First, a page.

FOR IMMEDIATE RELEASE:
May 23, 2018
Patricia Brooks, Patricia@matchmapmedia.com, 202.351.1757
Rails-to-Trails Conservancy’s 2018 Doppelt Fund Grants Fill Funding Gaps for Local Trail Projects
Nonprofit invests more than $140,000 in critical trail maintenance, trail building and community engagement projects nationwide
Washington, D.C.—Rails-to-Trails Conservancy (RTC) today announced the recipients of its 2018 Doppelt Family Trail Development Fund grants, with an emphasis on strategic investments that support significant regional and community trail development goals.
The Doppelt Fund supports small, regional projects that are vital to trail systems but often fall through the cracks of traditional funding streams. RTC received nearly $5.5 million in application requests for the 2018 grant cycle, demonstrating the national reality of unmet trail funding needs.
“Trail managers commonly express frustration as they seek funding for projects that address important trail maintenance and development needs,” said Eli Griffen, RTC’s manager of trail development resources and the manager of the Doppelt Fund grant program. “These projects are often smaller in scope and scale, making them hard to finance within traditional funding streams. This grant program provides important resources communities need—in some cases, raising awareness of a project within the community, and in others, maintaining trails or providing the match funding necessary to acquire a corridor and build the trail.”
The 2018 Doppelt Fund grantees mark the largest pool of RTC-funded projects to date, with more than $140,000 invested in 10 projects nationwide. The fund was bolstered by an additional $40,000 legacy gift from North Carolina Rail-Trails, Inc. and a $20,000 gift from an anonymous donor.
2018 Doppelt Fund grant recipients include:
- City of Dayton (Ohio), receiving $15,000, which will serve as a federal funding match for the acquisition of a former rail corridor that will eventually be home to a new trail, The Flight Line.
- Dallas County Conservation Board (Iowa), receiving $15,000 for the acquisition of six parcels of land required to extend the iconic High Trestle Trail to the Raccoon River Valley Trail north of Des Moines.
- Friends of Clare County Parks & Recreation (Mich.), receiving $5,000 to increase support for an off-road alignment of the Pere Marquette Rail Trail through Clare.
- Idaho Panhandle National Forests, U.S. Forest Service, receiving $20,000 to resurface and reshape the slope of the Route of the Hiawatha through the St. Paul Pass Tunnel.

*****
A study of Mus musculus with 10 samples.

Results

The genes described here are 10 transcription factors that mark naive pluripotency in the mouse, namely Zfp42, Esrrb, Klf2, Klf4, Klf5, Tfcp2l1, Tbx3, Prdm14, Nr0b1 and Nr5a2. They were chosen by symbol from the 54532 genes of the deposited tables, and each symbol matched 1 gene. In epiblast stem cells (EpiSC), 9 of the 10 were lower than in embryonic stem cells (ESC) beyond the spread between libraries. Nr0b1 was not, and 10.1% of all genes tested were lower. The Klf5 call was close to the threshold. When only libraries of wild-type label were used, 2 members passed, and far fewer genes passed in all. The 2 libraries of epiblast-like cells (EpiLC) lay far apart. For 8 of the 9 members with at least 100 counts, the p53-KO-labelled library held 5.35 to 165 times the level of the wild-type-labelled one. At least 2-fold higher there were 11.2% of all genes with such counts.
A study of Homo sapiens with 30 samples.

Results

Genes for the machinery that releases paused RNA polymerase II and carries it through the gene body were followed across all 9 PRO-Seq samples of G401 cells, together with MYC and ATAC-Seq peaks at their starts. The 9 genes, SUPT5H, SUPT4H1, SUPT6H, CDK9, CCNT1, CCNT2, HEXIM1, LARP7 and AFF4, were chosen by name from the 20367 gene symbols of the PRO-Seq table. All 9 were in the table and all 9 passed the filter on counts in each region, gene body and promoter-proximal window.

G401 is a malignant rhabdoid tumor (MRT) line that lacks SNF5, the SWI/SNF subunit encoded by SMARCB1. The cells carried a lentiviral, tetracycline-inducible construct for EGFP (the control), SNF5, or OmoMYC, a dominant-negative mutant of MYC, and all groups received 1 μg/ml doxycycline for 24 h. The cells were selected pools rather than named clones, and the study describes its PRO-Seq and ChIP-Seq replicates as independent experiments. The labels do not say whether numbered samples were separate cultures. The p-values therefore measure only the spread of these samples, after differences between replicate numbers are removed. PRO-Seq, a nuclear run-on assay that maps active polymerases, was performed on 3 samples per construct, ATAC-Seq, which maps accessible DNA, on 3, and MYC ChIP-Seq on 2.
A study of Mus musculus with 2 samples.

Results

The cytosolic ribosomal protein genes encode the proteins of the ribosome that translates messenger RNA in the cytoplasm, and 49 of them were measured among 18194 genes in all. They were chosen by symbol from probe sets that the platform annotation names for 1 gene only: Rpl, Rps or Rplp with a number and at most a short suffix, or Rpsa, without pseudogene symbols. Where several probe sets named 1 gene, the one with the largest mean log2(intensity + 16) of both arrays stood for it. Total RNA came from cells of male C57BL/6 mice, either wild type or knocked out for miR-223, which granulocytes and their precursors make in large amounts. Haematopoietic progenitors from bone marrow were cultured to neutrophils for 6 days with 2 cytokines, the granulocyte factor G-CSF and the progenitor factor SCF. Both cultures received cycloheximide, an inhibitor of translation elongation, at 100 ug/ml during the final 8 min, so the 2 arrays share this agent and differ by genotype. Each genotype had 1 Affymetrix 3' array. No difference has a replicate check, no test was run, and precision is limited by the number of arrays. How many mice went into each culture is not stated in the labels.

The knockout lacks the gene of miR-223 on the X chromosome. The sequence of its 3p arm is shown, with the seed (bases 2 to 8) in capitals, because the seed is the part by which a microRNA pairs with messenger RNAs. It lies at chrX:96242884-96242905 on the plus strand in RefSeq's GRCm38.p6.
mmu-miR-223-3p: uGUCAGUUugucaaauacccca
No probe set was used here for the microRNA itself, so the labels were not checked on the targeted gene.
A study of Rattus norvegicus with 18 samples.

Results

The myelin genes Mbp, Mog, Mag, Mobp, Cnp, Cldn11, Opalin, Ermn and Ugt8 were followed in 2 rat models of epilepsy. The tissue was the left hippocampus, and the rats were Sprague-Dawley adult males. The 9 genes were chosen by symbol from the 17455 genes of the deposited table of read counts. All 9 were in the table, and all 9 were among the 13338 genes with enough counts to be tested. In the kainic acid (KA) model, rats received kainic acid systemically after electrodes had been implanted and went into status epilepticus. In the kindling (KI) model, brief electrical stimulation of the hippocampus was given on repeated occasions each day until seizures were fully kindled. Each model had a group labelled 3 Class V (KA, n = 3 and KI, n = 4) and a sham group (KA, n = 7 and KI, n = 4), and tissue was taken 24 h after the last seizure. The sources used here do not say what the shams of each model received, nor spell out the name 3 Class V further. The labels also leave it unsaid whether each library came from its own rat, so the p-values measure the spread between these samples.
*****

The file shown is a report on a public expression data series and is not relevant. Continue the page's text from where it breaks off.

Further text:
- Marin County Bicycle Coalition (Calif.),receiving $5,000 to promote efforts to convert the closed Alto rail tunnel into a crucial trail link through Marin County.
- Rock Island Rail Corridor Authority (Mo.), receiving $25,000 for the Greenwood Connector, which will help to build the final 8-mile trail segment to complete a statewide trail connecting St. Louis to Kansas City via the Katy and Rock Island Trails.
- Western New York Land Conservancy, Inc., receiving $10,000 to conduct a design competition to convert a former rail line in Buffalo into a trail and linear park.
- New Jersey Bike & Walk Coalition, receiving $7,500 to build support for the Ice & Iron Greenway, a future rail-trail through densely populated and underserved communities in North Jersey.
- Rutherford County Government (N.C.), receiving $30,000 for trail enhancements that will improve and encourage trail use, including the development of crosswalks and fencing; installation of educational kiosks and signs; and construction of wildlife viewing stations along an extension of the Thermal Belt Rail-Trail.
- Southwest Renewal Foundation of High Point, Inc. (N.C.), receiving $10,000 to increase capacity for the future Southwest High Point Greenway, including outreach expenses and matching funds for additional grants.
“The projects that we were able to fund this year are incredible,” said Jeff Doppelt, a philanthropist from Great Neck, New York. “Through a relatively small investment, we’re able to complete and connect iconic trails and improve the trail user experience. Hundreds of these types of projects exist all over the country; it’s important that people begin to understand that the need far outweighs the funding available. These projects are essential to building and maintaining the trails that so many of us love and that communities rely upon for recreation, transportation and economic vitality.”
Established in 2015, the Doppelt Family Trail Development Fund is a way to move forward critical projects that enhance health and transportation connectivity in their regions. A listing of all Doppelt Fund grant recipients can be found on RTC’s website.
Rails-to-Trails Conservancy is the nation’s largest trails organization—with a grassroots community more than 1 million strong—dedicated to connecting people and communities by creating a nationwide network of public trails, many from former rail lines. Connect with RTC at railstotrails.org and @railstotrails on Facebook, Twitter and Instagram.